BMW X3 THE ULTIMATE MOM MACHINE?
by Cindy Stagg
It’s no secret; I like BMWs. I’ve liked them since I was old enough to say “kidney-shaped emblem.” But I’m all grown up now; more mature. I have to look at this car from the perspective of a grown woman with two young children. Does the X3 fit the bill as the ultimate mom machine?
Besides the fact that it looks really good sitting in my driveway, it’s lower to the ground, making getting in and out easy for everyone in the family. Once everyone is buckled in, the best feature is the panoramic sunroof. While the weather was too cold to actually open it, we left it uncovered all week. It gave the kids a lot to look at, making for very un-boring rides, according to my nine-year-old. This, coming from a kid who’s disappointed when the current car I’m testing doesn’t have a DVD player.
The rear cargo area is downright spacious compared to other SUVs this size, and easily holds all the items necessary for a birthday party at the local park. I would have liked to have seen some smaller storage areas up front; for instance, there was no convenient place to keep my sunglasses or my clip-less garage door opener. We moms seem to have lots of loose items to hang onto and some storage up front would be nice. The other thing I didn’t like was the navigation screen, operated by a dial about a mile away from said screen, closer to the passenger side. It wasn’t intuitive to use, so I left the screen closed 80% of the time.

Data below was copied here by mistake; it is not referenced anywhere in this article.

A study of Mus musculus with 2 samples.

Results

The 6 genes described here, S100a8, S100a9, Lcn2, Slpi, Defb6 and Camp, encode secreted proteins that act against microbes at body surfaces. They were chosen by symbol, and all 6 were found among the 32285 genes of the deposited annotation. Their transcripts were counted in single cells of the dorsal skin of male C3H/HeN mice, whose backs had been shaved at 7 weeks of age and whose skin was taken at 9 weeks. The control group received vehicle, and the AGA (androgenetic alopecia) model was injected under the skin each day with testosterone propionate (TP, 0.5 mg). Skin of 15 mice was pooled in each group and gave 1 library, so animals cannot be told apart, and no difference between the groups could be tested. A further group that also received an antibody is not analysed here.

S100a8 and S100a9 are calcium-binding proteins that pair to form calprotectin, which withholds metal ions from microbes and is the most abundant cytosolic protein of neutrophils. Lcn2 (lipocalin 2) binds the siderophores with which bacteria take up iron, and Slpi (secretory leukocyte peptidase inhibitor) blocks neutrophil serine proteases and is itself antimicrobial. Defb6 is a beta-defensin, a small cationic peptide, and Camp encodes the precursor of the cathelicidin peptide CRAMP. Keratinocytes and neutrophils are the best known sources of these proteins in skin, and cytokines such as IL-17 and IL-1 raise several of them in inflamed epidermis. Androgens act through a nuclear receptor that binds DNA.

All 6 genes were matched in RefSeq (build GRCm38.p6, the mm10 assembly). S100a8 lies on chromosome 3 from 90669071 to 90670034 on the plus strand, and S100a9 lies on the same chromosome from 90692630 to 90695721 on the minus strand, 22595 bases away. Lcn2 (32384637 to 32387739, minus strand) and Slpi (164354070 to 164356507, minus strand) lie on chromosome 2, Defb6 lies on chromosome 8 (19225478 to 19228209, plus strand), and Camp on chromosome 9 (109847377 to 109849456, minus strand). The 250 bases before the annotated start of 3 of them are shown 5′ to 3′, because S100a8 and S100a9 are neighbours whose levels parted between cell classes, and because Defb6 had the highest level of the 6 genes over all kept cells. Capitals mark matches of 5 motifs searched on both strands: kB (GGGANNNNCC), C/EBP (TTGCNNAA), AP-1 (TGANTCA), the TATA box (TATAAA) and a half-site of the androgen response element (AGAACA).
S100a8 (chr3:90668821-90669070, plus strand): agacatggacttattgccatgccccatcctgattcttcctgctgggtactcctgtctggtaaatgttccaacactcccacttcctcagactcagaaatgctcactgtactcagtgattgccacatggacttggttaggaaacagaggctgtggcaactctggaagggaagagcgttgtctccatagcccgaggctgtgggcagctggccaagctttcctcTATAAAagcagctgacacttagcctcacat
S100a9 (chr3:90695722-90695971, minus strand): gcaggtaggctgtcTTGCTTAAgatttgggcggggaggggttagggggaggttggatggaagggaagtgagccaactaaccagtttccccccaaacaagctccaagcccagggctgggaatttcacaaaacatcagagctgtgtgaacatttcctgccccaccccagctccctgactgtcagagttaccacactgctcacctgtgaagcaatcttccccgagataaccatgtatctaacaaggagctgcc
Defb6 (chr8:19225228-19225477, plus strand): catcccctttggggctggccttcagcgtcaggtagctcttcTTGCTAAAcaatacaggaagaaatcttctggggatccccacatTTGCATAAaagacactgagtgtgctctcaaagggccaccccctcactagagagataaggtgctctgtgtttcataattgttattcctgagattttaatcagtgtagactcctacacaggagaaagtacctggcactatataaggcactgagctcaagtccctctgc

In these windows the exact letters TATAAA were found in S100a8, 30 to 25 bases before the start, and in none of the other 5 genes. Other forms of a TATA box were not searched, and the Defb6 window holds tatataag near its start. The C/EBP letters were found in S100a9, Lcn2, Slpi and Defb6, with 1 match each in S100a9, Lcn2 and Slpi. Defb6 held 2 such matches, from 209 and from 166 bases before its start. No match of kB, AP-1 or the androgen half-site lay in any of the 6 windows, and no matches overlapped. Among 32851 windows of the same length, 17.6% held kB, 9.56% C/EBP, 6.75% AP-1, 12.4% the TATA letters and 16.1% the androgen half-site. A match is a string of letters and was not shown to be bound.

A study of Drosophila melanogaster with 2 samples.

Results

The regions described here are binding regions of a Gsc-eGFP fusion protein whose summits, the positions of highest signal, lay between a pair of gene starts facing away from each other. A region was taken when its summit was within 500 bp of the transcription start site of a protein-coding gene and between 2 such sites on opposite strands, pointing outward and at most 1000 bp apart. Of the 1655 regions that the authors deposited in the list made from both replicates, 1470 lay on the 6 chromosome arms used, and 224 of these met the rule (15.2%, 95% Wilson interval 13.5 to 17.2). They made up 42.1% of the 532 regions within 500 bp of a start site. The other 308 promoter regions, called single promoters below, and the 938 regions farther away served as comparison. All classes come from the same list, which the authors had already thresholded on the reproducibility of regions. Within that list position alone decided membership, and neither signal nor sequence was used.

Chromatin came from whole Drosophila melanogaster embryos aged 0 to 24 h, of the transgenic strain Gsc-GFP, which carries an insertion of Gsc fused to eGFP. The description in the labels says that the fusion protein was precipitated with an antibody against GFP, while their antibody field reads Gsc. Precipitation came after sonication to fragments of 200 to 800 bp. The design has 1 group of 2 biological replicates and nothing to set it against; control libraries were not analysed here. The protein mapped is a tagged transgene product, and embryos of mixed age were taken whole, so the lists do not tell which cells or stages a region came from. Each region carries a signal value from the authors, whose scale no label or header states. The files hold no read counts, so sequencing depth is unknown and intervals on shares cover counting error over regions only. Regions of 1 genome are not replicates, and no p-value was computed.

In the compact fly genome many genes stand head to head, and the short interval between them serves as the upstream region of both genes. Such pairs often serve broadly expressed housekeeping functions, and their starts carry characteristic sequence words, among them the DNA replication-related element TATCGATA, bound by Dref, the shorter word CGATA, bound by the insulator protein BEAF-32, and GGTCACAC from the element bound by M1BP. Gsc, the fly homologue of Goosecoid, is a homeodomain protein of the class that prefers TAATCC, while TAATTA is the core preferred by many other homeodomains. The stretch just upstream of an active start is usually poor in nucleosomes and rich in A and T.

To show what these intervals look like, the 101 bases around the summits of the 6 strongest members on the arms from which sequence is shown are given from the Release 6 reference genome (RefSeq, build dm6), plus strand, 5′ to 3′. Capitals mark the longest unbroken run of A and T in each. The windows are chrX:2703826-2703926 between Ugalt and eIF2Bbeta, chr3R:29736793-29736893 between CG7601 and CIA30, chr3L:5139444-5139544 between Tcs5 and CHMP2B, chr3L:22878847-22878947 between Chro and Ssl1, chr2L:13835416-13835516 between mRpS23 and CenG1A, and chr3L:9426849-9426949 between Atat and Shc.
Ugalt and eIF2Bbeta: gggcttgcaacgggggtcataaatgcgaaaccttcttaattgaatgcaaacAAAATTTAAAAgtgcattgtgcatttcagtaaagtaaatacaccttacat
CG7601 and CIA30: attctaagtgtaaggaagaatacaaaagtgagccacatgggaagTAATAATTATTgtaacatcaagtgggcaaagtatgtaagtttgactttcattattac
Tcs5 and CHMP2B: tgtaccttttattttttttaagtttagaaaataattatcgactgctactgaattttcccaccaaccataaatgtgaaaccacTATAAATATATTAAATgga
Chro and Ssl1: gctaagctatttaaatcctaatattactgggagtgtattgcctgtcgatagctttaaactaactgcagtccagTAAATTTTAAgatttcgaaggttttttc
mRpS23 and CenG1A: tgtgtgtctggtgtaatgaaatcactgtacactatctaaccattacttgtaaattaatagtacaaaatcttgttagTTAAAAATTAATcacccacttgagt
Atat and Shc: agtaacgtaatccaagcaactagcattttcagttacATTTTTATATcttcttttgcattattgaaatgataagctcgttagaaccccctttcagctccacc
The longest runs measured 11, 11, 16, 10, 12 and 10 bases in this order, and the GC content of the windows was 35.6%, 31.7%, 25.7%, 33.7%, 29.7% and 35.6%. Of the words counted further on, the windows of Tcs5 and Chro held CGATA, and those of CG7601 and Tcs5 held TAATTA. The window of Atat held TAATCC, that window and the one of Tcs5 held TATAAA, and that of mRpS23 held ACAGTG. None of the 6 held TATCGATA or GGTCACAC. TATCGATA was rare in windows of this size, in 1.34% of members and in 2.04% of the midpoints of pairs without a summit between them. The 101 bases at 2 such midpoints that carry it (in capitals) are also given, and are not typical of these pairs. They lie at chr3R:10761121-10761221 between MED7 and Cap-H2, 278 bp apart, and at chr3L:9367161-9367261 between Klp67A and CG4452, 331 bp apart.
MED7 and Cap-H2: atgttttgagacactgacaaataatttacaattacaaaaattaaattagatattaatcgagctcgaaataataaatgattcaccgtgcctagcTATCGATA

Just give me a touch-screen and let me be on my way. And just one heads up for you moms out there – the black leather interior is nice, but it shows every bit of dirt your kids’ shoes can hold.
The 3.0-liter engine is more than ample for the X3, though it seems to be missing some of that oomph you get when driving a BMW sedan. Still, it accelerates quickly and smoothly, and will get up and go on demand.
My X3 came with the automatic 6-speed transmission. I noticed that when cruising through my neighborhood at, say, 25 mph or less, it seemed to want to hang out in third gear, revving at around 3,000 rpm. I often found myself switching to steptronic mode just so I could shift it myself. I’d say this tranny is definitely happier at higher speeds.
BMW’s X-Drive is another handy feature – I cruised down a battered, wet, and very muddy road without even thinking about whether or not all four wheels were driving. True to its heritage, the X3 was happiest on a cruise through a winding, hilly canyon. The steering, suspension, and power combined for a thrilling and sure-footed driving experience.
If I had my choice of Beemers, there’d be a 6 Series convertible parked in my garage. However, for a young, active family that likes to get up and go, I’d say the X3 fits the bill just fine.